Q: What do you do for a living?
I am currently semi-retired as a result of the mandarory retirement age limits imposed by my former employer. I am currently open to offers of employment given the right situation (see below).
I used to think of myself as a “cranial prostitute” – that is, I think for money. For most of my career I have been a software application developer. For the last 36 years of my working life I have been involved in the EDA (Electronic Design Automation) industry. In order to spend some time living in Japan, I took on the role of Corporate Applications Engineer where I worked directly with customers to solve problems and improve their experience with our software products. From around 2006 I was able to get back into full-time development while working remotely from Tokyo (I was a remote working pioneer long before SARS-COV2 made is all experts in remote working).
In the EDA world, my specialty has always been digital logic simulation and, more recently, verification management. If you don’t know what that means, essentially anyone who decides to design a new computer chip would use EDA software to implement and verify his design before committing millions of dollars to producing real silicon IC chips. Verification management is mostly concerned with managing large suites of tests and determining whether those tests completely cover the design functionlity. It’s a fairly specialized field with only a handful of large players.
I have assembled reunion pages for several of the companies I have worked for in the past. Given how frequently people move around, I suspect that these lists are, for the most part, obsolete. However, if anyone who has worked for any of these companies in the past would like to be added to the list, please use the “Contact” link at the top (or bottom) of the page to send me your current contact information (email, web, and/or social media are all OK).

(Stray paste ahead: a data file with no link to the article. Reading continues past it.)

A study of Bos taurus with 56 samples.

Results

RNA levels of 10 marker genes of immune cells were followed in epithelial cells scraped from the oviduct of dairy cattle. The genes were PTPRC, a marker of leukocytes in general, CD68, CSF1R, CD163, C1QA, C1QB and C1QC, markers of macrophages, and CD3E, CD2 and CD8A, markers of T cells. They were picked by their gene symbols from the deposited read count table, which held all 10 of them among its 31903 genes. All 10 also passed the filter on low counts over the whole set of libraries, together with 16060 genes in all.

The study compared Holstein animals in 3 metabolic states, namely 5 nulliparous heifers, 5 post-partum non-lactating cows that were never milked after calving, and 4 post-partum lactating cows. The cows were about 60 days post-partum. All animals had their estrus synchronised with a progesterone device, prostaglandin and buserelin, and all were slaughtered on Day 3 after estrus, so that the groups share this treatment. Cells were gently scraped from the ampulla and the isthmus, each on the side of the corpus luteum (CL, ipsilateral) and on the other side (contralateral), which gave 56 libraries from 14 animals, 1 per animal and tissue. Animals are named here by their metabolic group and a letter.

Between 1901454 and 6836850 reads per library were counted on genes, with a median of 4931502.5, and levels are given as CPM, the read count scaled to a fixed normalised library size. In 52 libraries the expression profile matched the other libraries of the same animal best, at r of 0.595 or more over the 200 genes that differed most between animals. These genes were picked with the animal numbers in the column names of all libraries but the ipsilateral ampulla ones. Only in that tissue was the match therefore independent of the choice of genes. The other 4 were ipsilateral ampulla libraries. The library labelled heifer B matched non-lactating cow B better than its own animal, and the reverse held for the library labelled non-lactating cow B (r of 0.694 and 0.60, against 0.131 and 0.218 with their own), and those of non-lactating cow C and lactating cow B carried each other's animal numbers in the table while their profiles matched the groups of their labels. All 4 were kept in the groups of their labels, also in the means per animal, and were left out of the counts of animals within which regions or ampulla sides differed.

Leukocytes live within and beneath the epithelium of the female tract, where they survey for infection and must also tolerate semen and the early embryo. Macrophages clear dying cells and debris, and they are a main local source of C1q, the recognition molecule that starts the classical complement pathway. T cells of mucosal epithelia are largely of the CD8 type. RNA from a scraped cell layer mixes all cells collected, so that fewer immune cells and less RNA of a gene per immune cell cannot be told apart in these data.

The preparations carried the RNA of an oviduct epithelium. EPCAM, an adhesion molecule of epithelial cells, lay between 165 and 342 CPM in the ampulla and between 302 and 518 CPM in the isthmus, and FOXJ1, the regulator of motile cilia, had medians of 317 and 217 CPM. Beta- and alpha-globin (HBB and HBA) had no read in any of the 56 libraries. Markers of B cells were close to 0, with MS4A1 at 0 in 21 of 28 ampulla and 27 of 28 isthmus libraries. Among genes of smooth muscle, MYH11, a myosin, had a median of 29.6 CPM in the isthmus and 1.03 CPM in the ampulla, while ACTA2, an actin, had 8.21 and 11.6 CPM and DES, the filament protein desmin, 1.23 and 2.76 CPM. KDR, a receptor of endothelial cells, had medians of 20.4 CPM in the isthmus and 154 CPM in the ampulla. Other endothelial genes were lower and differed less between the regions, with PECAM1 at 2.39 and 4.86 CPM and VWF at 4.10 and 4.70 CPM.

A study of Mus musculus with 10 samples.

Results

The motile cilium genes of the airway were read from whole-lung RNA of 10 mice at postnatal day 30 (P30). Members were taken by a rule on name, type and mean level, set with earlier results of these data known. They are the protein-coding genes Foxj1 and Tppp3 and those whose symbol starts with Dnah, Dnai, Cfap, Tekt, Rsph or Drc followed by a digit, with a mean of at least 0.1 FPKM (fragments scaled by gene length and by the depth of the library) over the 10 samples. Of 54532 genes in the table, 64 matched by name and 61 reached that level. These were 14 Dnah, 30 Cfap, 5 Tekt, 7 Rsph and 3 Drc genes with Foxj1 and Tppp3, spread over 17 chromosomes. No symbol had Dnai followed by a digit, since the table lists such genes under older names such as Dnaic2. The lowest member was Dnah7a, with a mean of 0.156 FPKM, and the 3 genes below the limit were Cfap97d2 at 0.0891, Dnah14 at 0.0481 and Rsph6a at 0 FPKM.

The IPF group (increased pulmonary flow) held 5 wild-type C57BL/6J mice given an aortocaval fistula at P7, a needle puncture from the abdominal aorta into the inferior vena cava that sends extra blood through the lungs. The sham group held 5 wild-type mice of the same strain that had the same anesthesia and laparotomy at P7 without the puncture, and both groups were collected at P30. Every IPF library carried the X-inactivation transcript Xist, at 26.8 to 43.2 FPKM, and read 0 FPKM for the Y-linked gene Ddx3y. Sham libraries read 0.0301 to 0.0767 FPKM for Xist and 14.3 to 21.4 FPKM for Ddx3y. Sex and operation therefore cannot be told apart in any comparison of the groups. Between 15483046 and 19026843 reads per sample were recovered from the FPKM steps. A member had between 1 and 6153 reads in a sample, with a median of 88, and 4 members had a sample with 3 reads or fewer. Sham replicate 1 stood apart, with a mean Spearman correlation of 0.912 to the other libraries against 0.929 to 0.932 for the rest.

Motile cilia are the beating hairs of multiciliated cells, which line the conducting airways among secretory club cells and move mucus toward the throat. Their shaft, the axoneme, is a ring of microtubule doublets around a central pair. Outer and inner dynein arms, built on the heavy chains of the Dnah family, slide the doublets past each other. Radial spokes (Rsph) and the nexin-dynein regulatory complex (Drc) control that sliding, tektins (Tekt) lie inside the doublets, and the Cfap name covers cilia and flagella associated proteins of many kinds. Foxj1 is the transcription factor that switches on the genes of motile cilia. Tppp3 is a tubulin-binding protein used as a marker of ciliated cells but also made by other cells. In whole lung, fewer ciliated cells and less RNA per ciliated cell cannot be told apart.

Q: Why do you keep your resume online?
Because I can. And because it annoys those who choose to ignore the fact that everyone, ultimately, is available if the situation is right. This is especially true in any sort of high-tech field. Also, it saves me the time and trouble of printing and mailing my resume to headhunters or perspective employers. In fact, the last two times I changed jobs, I didn’t need to do anything but e-mail the URL where my resume could be found. It serves as a screening device, too. If a personnel weenie tells me they need a hard-copy resume because their company doen’t have internet access, I know that’s not any place I would enjoy working. ;-)
Note that the above answer was written while I was still employed. I thought about rewriting the paragraph but I liked the cheeky answer so much that I decided to leave it along and simply write this side-note.
Q. Are you available for work?
Having had my resume online for over two decades now, I get a lot of e-mail asking if I am available for an interview or if I could send a copy of my updated resume. About 80% of all the employment-related messages I receive are for jobs that don’t match my experience in the least. More often than not, these read like they were generated by some kind of keyword-matching software program.
For the record, let me state the following:
I am currently semi-retired and not in desperate need of income at the moment. That said, I would be open to working on an interesting project in my area of expertise, either on a full-time or part-time/temporary basis.
- I summarily delete job descriptions and requests for information that either:
- don’t match my skills at all,
- look machine-generated, or
- don’t include any information that would allow me to decide whether I’m interested in the position.
- I don’t update my resume very often but, when I do, the latest version can always be found online. I reserve the right to delete messages which only ask for an updated resume since my experience indicates that such messages are usually bulk emails sent out by an automated resume-scraping system.
I know that all sounds kinda cold but I still get somewhere around 100 messages a day and I don’t have time to answer machine-generated job trolls. For what it’s worth, I do answer thoughfully prepared letters from prospective employers and headhunters which are addressed to me personally. And I archive the names and contact information of those who offer jobs in my field, on the off chance that I or one of my colleagues suddenly ends up on the job market.